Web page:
Modern beekeeping is generally done in something called the Langstroth Hive. This is a fairly old design, but it has stood the test of time. In a Langstroth Hive bees build honeycomb into frames that are designed to be easily removed from the hive itself. When you see the ‘stacked box’ style of bee hive, that’s a Langstroth hive.

A Langstroth hive starts with a bottom board, one more more hive bodies or honey supers, an inner cover, and a top cover.

There are a ton of other things you can add in as a specialty item, but the stuff above are the basic requirements.

Bottom Boards

The bottom board is the floor of the hive, and serves also as the landing area. Since it’s a double duty item the bottom board is larger than the hive bodies and supers. Most bottom boards have a shallow side and a deep side. This was originally to help keep the hive warm in winter and cooler in summer, but nowadays most beekeepers use an entrance reducer instead of flipping the bottom board. Hives can weigh quite a bit, so picking them up to flip a board is a pain in the butt.

There are two main kinds of bottom boards. The oldest style is a solid bottom board, though a few years ago many bee keepers started using a screened bottom board instead. The main benefit of a screened bottom board is to allow varroa mites to drop through the screen. Without the screen the mites could just crawl back into the hive and find a new host.

Hive Bodies

A hive body is a simple wooden box with a standard inside dimension. Both hive bodies and supers have interior dimensions of 14 11/16 inches by 18 5/16 inches. A hive body, also called a deep, is 9 9/16 inches tall and is the largest hive body in common usage.

It is usually only used for the brood chamber because it gets way too heavy if it’s filled with honey. A deep full of honey weighs up to 90-100 lbs.

Rudy’s Note: The brood chamber is the part of the hive where the queen lays eggs and the worker bees care for the larvae.

Honey Supers

Honey supers are used to provide the bees with space to stash honey, pollen, and nectar. It gives them room to expand which prevents swarming and keeps the bees happy. There are three main types of honey supers in common usage.

Medium Supers (aka Western Supers)

Western Supers are the largest super in common usage and are 6 5/8 inches tall. They’re a reasonable compromise between weight when full of honey and minimization of the number of supers required for a hive. When full of honey, a Western Super can weigh upwards of 60 pounds.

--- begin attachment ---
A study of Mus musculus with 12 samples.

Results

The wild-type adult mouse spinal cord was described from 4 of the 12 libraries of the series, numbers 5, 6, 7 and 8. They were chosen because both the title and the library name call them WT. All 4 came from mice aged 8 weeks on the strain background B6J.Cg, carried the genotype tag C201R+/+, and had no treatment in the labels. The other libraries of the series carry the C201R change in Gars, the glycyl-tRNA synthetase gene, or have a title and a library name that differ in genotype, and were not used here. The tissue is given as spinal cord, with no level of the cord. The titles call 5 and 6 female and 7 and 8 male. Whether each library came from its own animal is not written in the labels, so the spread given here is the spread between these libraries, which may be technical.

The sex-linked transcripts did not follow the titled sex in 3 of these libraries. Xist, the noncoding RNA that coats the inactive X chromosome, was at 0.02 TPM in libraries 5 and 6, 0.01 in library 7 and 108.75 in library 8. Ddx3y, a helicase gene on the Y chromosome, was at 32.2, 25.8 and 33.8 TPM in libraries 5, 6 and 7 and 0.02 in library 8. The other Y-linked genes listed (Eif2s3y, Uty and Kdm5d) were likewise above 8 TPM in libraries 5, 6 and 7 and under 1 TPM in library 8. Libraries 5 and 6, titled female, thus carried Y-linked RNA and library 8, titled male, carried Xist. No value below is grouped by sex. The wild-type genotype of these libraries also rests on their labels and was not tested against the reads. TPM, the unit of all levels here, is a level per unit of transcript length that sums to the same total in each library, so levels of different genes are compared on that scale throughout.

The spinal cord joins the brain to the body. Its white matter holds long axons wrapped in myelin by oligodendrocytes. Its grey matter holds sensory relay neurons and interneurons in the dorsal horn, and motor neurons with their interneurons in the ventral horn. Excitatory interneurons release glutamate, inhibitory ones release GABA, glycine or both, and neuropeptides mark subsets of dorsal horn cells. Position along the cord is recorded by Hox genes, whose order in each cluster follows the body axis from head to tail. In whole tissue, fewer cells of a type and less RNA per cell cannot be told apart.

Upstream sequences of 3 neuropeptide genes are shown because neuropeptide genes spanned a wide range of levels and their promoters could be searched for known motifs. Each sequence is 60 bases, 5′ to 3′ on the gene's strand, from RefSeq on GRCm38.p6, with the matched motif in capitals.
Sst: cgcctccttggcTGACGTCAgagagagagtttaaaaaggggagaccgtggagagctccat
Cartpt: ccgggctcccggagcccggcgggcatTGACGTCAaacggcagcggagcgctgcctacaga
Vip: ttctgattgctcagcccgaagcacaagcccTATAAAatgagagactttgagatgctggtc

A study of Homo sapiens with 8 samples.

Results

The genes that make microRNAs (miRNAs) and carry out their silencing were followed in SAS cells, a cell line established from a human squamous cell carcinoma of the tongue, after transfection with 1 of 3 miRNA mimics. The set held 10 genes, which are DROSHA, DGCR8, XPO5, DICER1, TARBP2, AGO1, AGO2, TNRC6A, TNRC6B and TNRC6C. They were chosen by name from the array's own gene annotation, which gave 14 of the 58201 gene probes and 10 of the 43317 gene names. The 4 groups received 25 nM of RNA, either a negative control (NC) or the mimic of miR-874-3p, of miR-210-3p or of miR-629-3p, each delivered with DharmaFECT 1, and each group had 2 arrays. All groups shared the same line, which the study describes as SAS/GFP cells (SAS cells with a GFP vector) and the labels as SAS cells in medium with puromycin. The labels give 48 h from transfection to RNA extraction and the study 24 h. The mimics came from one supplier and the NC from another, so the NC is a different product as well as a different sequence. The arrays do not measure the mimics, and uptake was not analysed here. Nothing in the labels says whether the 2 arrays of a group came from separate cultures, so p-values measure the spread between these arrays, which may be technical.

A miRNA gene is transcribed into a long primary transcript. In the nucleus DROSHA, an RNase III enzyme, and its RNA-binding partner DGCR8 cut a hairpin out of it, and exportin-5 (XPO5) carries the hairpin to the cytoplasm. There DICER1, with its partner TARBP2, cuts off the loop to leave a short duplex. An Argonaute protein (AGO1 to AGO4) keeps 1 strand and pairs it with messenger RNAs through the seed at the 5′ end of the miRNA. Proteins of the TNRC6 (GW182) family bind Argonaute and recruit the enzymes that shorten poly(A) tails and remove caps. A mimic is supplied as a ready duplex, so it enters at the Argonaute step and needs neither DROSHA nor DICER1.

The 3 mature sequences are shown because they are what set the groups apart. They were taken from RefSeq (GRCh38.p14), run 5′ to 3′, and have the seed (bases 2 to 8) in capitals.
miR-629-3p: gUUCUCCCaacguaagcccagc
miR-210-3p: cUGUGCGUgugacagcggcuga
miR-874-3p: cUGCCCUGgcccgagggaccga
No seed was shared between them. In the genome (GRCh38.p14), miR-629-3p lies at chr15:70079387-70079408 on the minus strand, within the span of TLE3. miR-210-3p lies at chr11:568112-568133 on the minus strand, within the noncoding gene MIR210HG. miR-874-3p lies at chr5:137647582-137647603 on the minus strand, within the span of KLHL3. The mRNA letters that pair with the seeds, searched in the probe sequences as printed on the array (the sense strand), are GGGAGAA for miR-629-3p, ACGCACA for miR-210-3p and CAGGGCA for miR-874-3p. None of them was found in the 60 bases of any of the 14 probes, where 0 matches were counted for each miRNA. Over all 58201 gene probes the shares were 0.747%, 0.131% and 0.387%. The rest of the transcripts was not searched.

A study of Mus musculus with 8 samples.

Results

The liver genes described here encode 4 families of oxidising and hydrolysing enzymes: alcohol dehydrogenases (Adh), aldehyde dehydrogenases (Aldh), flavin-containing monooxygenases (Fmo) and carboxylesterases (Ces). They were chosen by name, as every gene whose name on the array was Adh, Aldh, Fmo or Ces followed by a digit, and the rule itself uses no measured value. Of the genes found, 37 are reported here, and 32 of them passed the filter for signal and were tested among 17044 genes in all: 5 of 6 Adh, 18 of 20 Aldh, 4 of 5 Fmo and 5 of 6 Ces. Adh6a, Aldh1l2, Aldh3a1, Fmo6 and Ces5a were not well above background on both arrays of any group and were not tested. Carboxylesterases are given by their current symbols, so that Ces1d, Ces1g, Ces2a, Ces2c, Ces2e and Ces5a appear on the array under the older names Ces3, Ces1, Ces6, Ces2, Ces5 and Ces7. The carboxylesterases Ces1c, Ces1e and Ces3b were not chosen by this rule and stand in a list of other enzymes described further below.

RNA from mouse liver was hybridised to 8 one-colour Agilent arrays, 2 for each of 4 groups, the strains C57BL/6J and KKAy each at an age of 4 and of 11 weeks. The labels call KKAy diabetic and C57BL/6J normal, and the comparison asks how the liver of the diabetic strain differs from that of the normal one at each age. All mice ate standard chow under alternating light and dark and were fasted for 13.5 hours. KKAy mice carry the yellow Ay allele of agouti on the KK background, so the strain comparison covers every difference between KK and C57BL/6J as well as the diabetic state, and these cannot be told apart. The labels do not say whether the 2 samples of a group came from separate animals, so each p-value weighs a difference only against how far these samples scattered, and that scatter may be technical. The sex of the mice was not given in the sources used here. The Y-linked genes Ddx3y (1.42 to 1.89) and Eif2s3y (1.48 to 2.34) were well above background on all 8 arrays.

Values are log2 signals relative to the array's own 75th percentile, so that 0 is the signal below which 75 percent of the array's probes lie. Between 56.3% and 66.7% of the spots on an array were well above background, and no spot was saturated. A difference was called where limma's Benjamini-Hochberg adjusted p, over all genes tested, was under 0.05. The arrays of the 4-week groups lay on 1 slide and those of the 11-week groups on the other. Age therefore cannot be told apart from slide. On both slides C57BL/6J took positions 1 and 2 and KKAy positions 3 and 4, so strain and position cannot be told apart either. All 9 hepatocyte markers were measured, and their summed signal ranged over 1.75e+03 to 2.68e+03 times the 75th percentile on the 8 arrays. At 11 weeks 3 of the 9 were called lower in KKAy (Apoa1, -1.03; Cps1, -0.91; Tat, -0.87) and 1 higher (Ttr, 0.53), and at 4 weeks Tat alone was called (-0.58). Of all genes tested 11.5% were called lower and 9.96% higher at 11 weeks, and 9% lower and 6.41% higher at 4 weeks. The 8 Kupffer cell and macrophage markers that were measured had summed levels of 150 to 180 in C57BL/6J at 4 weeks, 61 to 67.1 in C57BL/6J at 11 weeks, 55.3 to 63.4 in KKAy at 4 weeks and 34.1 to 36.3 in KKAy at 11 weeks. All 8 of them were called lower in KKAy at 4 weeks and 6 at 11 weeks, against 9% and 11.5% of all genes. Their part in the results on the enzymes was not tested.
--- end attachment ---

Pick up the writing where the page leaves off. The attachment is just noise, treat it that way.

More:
Shallow Supers

Shallow Supers are the smallest honey super in common usage, measuring 5 3/4 inches tall. They’re good for beekeepers that don’t want to deal with the weight of a full Western. A shallow weighs up to 45 pounds when full of honey.

Comb Supers

Comb supers are a specialty super and aren’t really for honey as much as they are for the creation of marketable or consumable honey comb. They use special frames (we’ll discuss frames in a minute) that make it easier to manage the creation of honey comb. Comb supers are only 4 3/4 inches tall.

Frames and Foundation

A removable beehive frame is the structural element that holds the comb within the hive body. It starts out as a simple frame, and the bees turn it into so much more! You can either use a plain frame and let the bees do what they want or you can use something called foundation to help them out.

Foundation helps the bees create comb in the way you want them to. You can either buy completed comb foundations, wax foundation that only has an pattern for the bees to follow, or even plastic foundation that has a similar pattern.

Rudy’s Tip: You can get a plastic frame that has an integrated plastic foundation.  It’s not quite as versatile as a wooden frame, but it’s probably the cheapest option if price is a significant consideration.

You can get foundation with different cell sizes. The most common size is for common worker brood, but you can also get them with larger cells for drone brood.

Inner Covers

The inner cover serves as a barrier between the outer cover and the hive itself. It helps the bees with climate control, and if you remove the outer cover it can work as a top entrance as well.

During the winter time you can also dump sugar on the top of the inner cover and the bees will be able to get to it without getting too cold.

Outer Covers

The outer cover fits on top of the hive, and is used as a weather cover for the most part. Most hobbyists use a telescoping cover which extends past the edges of the hive and below the top of the topmost hive body or super. This helps keep the weather out of the hive.

Commercial beekeepers often use a migratory cover which is a solid cover that does not extend past the edges. They use this so they can pack the hives densely onto pallets when transporting them.

Wrapping Up

That’s it for today. Stay tuned for some of my thoughts on the economics of beekeeping soon!


  1. I would highly recommend that organic beekeeping be looked into. We do not yet have bees but there is a wealth of information supporting organic , sustainable agriculture and the health of bees and garden.

    We also make sure we have plenty of mason bee houses. These are native pollinators that do a much better job than honey bees. They do not produce honey but are vital to most crops. The houses are easy to make and the kids love to help. These houses should be on the to-do list of any gardener. Without these little helpers most gardens fail.

    • For the most part, you don’t need to have a permit.

      Many urban areas have specific restrictions you’ll need to abide by if you are in town, and most states have some rules to abide by. Washington State, for example, requires you to register your hives but you don’t need to buy a license or anything.

      Most areas have a beekeepers association or club that can help you with legality/fee issues for your specific location.